The Epigraphic Database Falsae (EDF) is an electronic archive of forged ancient inscriptions. It is the main output of the Forged Evidence (False Testimonianze) research project, funded by the Italian Ministry of Education, University, and Research (MIUR) in 2017.
The EDF concerns all known typologies of forged inscriptions. These include intentional forgeries, copies of ancient inscriptions, Medieval and Renaissance inscriptions that imitate classical models, modern transcriptions, reproductions, and facsimiles of thousands of forgeries. They include a variety of materials: although intentional forgeries are most frequently written solely on paper, they can also be inscribed on actual objects including ancient or only partially ancient materials as well as more recent artefacts.
The EDF is meant to encompass all forged epigraphic documents and monuments that originate from the whole territory of Italy, but prospectively it will extend its geographic range to include the rest of Europe and the Mediterranean.
The EDF search engine allows users to perform queries in the following fields:
• textual typologies (actual forgeries, post-classical inscriptions, and copies of genuine ancient inscriptions); • modes of transmission (paper vs. durable materials – stone, bronze, etc.); • methods of production, distinguishing between forgeries invented wholly from complete, partial, or interpolated copies of ancient inscriptions; • intentions of the forgers, distinguishing between commercial, historical and documentary forgeries; • historical period when the forgery was created; • identity of the forgers – certain or suspected – whenever possible; • production site of actual forgeries; • secondary displacements; • current location whenever the objects are still traceable.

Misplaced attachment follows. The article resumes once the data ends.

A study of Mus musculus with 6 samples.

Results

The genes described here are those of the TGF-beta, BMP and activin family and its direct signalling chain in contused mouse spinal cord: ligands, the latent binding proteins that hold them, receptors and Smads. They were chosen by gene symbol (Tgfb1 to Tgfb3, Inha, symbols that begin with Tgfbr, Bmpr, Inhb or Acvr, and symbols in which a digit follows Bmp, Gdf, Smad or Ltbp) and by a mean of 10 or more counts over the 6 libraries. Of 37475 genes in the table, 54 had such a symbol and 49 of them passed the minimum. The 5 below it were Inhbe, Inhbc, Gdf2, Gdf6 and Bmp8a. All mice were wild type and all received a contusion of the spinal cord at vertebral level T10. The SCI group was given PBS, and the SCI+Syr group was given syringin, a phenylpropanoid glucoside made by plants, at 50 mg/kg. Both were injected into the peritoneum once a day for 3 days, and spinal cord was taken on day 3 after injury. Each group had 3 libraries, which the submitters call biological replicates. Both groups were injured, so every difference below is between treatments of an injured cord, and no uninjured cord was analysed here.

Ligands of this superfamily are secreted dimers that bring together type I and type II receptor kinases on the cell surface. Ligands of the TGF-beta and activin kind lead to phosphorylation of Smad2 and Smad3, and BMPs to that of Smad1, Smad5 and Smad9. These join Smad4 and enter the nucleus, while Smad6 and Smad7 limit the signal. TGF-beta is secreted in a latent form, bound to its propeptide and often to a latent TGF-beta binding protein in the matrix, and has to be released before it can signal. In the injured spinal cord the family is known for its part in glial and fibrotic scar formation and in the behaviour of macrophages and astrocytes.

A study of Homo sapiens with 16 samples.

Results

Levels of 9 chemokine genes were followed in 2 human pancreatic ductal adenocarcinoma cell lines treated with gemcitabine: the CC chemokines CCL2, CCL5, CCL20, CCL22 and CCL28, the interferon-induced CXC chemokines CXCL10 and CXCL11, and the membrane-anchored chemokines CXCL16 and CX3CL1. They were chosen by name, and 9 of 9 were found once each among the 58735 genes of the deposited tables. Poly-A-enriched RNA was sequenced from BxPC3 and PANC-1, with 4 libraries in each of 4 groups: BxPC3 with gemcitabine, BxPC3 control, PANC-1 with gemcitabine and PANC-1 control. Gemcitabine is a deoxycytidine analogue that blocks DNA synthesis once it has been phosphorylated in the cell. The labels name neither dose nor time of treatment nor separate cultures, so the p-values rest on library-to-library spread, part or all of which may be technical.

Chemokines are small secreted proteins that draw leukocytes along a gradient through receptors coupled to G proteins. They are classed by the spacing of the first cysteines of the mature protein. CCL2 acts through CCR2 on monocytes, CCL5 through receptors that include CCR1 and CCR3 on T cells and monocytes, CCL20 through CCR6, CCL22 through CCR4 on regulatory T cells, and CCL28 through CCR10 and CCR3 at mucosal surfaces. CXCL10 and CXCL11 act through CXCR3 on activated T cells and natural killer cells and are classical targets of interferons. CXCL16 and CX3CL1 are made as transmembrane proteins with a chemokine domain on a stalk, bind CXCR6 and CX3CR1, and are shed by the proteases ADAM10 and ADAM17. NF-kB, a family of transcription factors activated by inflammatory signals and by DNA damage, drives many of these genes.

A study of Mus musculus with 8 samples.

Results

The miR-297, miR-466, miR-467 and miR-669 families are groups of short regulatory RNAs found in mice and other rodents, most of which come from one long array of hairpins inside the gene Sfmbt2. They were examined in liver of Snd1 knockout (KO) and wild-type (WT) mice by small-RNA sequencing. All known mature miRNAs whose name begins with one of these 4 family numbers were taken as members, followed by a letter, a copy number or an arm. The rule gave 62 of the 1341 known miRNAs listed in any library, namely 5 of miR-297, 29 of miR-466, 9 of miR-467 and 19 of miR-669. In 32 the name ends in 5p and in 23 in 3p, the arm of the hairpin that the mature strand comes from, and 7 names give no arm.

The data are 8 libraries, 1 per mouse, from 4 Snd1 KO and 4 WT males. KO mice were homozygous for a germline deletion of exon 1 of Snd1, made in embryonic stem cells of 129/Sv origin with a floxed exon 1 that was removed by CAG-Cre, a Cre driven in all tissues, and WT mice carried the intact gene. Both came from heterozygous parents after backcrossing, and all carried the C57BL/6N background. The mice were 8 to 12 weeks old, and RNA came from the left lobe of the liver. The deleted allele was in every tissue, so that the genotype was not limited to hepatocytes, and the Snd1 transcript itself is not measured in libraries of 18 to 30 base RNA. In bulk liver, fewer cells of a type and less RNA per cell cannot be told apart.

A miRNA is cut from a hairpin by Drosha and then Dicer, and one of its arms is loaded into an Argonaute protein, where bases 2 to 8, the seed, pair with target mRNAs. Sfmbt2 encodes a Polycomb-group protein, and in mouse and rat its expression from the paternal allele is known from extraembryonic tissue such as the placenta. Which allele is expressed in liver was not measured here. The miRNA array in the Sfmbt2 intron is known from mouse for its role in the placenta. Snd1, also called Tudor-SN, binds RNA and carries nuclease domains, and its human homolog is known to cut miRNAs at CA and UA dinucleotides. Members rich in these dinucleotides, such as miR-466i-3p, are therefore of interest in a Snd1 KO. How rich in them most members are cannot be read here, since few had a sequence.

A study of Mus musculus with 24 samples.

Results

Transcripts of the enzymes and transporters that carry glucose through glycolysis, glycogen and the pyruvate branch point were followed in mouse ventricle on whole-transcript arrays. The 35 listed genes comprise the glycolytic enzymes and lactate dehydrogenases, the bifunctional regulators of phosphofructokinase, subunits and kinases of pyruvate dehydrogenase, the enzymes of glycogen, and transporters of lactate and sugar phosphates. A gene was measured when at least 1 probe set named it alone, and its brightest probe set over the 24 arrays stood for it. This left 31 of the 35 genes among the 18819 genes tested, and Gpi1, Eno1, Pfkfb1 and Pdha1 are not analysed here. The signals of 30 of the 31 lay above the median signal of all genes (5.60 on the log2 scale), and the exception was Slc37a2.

By combining the last three sets of data (production site of actual forgeries, secondary displacements, and current location), users can trace the routes of their dispersal, and follow the steps that brought them to their current place of conservation. This kind of information is entirely absent in the indices of the main printed epigraphic corpora (e.g. CIL, SupplIt, etc.). The EDF aims to stimulate historical research by presenting previously neglected sources using up-to-date technologies. In order to comply with the principles of the inclusive and intercultural approach to information promoted by the EU, it is an unrestricted online resource, freely accessible to multiple users.
The EDF is also reachable through the new EAGLE shared portal (European network of Ancient Greek and Latin Epigraphy: [www.eagle-network.eu]). It interacts with the main existing online resources related to epigraphy, in particular the EDR (Epigraphic Database Roma: [www.edr-edr.it]) and the EDB (Epigraphic Database Bari: [www.edb.uniba.it]).